Without Nevadan’s support, there would have been no vote

Harry Reid

Harry Reid

The first time Sen. Harry Reid won the National Rifle Association’s endorsement for his Senate campaign was 2004. That was the same year the colleague whom Reid would replace as Democratic leader in the Senate, Tom Daschle of South Dakota, lost his own race, in part because of opposition from gun owners.

Reid had never been an antagonist of the Second Amendment rights group. An elected official from the West, he always had a healthy appreciation for gun owners’ rights.

But after watching the Democratic Party’s electoral losses on gun issues over the years, he became a reliable proponent of the gun rights agenda.

Now as Senate majority leader, Reid is an odd-man out in Washington — a top Democratic leader who is more pro-gun than several of his lieutenants or rank-and-file members.

It should come as no surprise then that Reid allowed a vote to proceed last week on an NRA-supported bill that was despised by several high-profile Democratic senators.

The legislation sponsored by Republican Sen. John Thune would allow gun owners with concealed weapon permits in their home states to transfer that right to carry into another state that also has a conceal carry law. Thune, incidentally, was the challenger who brought down Daschle in South Dakota that year.

For 20 years, the gun lobby has been increasing the number of states offering concealed weapons permits.

Several states have reciprocity agreements with other states, and 11 states will accept permits from any other state. Only Wisconsin, Illinois and the District of Columbia do not offer concealed weapons permits and would not be required to accept out-of-state permits under the bill.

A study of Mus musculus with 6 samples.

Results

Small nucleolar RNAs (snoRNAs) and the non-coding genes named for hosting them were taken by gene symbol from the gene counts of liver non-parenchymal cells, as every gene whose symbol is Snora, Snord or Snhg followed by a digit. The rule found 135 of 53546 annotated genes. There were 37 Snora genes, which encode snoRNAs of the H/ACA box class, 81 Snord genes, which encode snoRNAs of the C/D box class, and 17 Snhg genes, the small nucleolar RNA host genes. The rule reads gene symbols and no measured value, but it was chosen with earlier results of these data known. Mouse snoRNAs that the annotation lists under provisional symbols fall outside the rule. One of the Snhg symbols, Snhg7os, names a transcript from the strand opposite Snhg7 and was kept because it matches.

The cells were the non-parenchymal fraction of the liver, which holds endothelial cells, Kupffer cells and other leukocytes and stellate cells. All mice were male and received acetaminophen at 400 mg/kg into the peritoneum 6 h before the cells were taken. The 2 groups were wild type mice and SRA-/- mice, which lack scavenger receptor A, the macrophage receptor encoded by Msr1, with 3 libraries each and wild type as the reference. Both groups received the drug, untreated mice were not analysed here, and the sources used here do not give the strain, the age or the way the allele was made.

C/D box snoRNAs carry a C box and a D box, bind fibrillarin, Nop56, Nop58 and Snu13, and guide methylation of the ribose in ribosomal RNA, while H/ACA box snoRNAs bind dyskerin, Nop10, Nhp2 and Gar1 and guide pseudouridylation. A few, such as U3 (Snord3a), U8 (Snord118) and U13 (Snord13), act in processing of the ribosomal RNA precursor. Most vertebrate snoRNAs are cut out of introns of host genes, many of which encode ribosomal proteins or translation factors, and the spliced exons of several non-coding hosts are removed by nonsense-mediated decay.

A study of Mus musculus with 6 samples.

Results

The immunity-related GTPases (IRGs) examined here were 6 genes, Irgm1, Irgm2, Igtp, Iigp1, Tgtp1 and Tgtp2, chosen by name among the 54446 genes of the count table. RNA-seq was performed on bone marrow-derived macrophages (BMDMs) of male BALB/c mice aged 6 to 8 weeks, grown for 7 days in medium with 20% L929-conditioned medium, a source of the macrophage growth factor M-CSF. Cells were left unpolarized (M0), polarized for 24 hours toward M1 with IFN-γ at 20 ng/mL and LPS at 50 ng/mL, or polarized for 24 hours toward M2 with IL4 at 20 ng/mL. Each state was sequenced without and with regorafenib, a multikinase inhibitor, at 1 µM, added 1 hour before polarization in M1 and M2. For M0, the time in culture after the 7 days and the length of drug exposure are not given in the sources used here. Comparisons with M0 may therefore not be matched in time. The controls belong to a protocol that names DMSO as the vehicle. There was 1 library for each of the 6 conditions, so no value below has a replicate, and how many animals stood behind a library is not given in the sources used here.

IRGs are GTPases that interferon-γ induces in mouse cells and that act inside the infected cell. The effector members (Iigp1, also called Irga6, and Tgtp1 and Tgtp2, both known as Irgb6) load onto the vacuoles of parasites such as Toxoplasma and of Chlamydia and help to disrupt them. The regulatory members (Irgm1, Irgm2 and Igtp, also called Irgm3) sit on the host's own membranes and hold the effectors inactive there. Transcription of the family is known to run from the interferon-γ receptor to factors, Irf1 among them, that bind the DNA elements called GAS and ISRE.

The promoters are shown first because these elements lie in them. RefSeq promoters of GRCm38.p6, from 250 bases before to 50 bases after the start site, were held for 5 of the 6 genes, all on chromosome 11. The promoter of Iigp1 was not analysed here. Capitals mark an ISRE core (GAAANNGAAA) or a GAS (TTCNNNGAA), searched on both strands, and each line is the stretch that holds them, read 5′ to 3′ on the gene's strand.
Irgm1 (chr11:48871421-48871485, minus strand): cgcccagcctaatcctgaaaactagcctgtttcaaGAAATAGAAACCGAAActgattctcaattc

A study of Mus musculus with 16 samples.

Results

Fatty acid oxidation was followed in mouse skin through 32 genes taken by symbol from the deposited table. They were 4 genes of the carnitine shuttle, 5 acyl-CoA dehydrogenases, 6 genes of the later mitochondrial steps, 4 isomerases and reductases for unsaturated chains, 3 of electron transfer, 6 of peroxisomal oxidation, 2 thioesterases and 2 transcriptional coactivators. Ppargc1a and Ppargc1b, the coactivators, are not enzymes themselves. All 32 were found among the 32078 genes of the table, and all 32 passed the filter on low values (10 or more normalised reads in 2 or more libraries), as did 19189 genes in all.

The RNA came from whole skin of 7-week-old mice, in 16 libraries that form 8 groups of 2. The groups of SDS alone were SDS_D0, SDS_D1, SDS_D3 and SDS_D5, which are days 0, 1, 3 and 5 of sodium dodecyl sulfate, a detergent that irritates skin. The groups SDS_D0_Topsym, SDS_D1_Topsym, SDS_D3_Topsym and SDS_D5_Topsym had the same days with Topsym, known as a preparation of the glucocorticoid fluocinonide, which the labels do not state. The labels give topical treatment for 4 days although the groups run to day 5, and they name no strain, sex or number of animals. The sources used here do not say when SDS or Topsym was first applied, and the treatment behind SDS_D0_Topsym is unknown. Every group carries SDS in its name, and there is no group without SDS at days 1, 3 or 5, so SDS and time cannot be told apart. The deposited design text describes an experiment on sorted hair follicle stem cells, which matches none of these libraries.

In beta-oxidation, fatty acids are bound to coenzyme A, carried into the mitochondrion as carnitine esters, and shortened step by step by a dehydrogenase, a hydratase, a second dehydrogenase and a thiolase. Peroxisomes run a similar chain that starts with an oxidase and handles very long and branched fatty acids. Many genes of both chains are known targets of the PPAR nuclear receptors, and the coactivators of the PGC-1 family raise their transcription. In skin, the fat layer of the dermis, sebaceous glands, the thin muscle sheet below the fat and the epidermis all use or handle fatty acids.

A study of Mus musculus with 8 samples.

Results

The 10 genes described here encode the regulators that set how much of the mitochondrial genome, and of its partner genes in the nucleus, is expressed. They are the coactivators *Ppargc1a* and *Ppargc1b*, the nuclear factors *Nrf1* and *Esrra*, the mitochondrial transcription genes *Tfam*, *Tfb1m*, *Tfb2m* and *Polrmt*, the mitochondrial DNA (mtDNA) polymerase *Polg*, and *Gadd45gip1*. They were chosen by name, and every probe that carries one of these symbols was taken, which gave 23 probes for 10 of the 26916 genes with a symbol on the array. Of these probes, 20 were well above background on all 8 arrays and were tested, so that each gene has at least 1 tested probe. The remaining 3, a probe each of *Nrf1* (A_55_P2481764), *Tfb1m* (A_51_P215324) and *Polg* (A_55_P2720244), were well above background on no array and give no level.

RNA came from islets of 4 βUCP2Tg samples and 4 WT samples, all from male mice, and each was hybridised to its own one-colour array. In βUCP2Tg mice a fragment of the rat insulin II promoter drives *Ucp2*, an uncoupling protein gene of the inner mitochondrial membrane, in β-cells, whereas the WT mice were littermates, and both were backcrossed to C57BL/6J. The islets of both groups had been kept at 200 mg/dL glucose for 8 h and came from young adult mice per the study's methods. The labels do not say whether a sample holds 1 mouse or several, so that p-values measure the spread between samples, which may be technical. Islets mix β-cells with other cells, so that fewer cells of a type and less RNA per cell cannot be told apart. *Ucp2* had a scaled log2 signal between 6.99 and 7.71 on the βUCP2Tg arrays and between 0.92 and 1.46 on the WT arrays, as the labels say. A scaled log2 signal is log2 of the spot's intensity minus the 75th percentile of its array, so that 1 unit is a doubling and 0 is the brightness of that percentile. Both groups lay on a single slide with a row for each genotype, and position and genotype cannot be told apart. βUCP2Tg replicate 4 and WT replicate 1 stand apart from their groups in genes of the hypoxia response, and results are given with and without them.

But opponents think states should have the authority to determine gun laws, and not be forced to accept permits from those with more lenient requirements. The Brady Campaign to Prevent Gun Violence opposed the bill.

The legislation failed, after being offered as an amendment to a broader bill.

But the effort fell just two votes shy of the 60 votes needed to advance.

In an unusually overt break in party leadership, top Democrats were fighting to kill the legislation. Reid’s lieutenants engaged in indelicate wrangling to keep Democrats as one. One Southern-state Democrat switched his vote from no to yes after the first tally showed enough votes for defeat.

Reid voted in support, as did 20 of his Democratic colleagues — a sign of the gun lobby’s power and the lengths the party has come in supporting Second Amendment rights.

Even in defeat, the National Rifle Association was pleased.

This was the first time the legislation had been brought to a vote in the Senate and it won vast bipartisan support from 58 senators.

“We were very appreciative of Sen. Reid’s leadership,” said Chris Cox, chief lobbyist for the National Rifle Association. “Had it not been for his leadership, this vote would not have taken place.”

Just a little more than a week earlier, the NRA sent a letter to its Nevada members noting Reid’s accomplishments.

The letter reads like a greatest hits list of Second Amendment legislation under Reid’s watch:

He opposed the Obama administration’s interest in reinstating the assault weapons ban, halting momentum; helped pass a law that allows gun owners to carry firearms in national parks; voted against the District of Columbia’s gun ban; voted for legislation to allow pilots in commercial airline cockpits to be armed. And years earlier, the letter notes, Reid was instrumental in passing legislation halting lawsuits that were attempting to hold gun manufacturers and dealers responsible for weapons used in criminal acts.

The letter was not an endorsement for Reid’s reelection in 2010, the organization said, just routine communication with its members.

Endorsements are not usually done by the group until after all the candidates are in the race.

But you can bet who might get the NRA’s nod.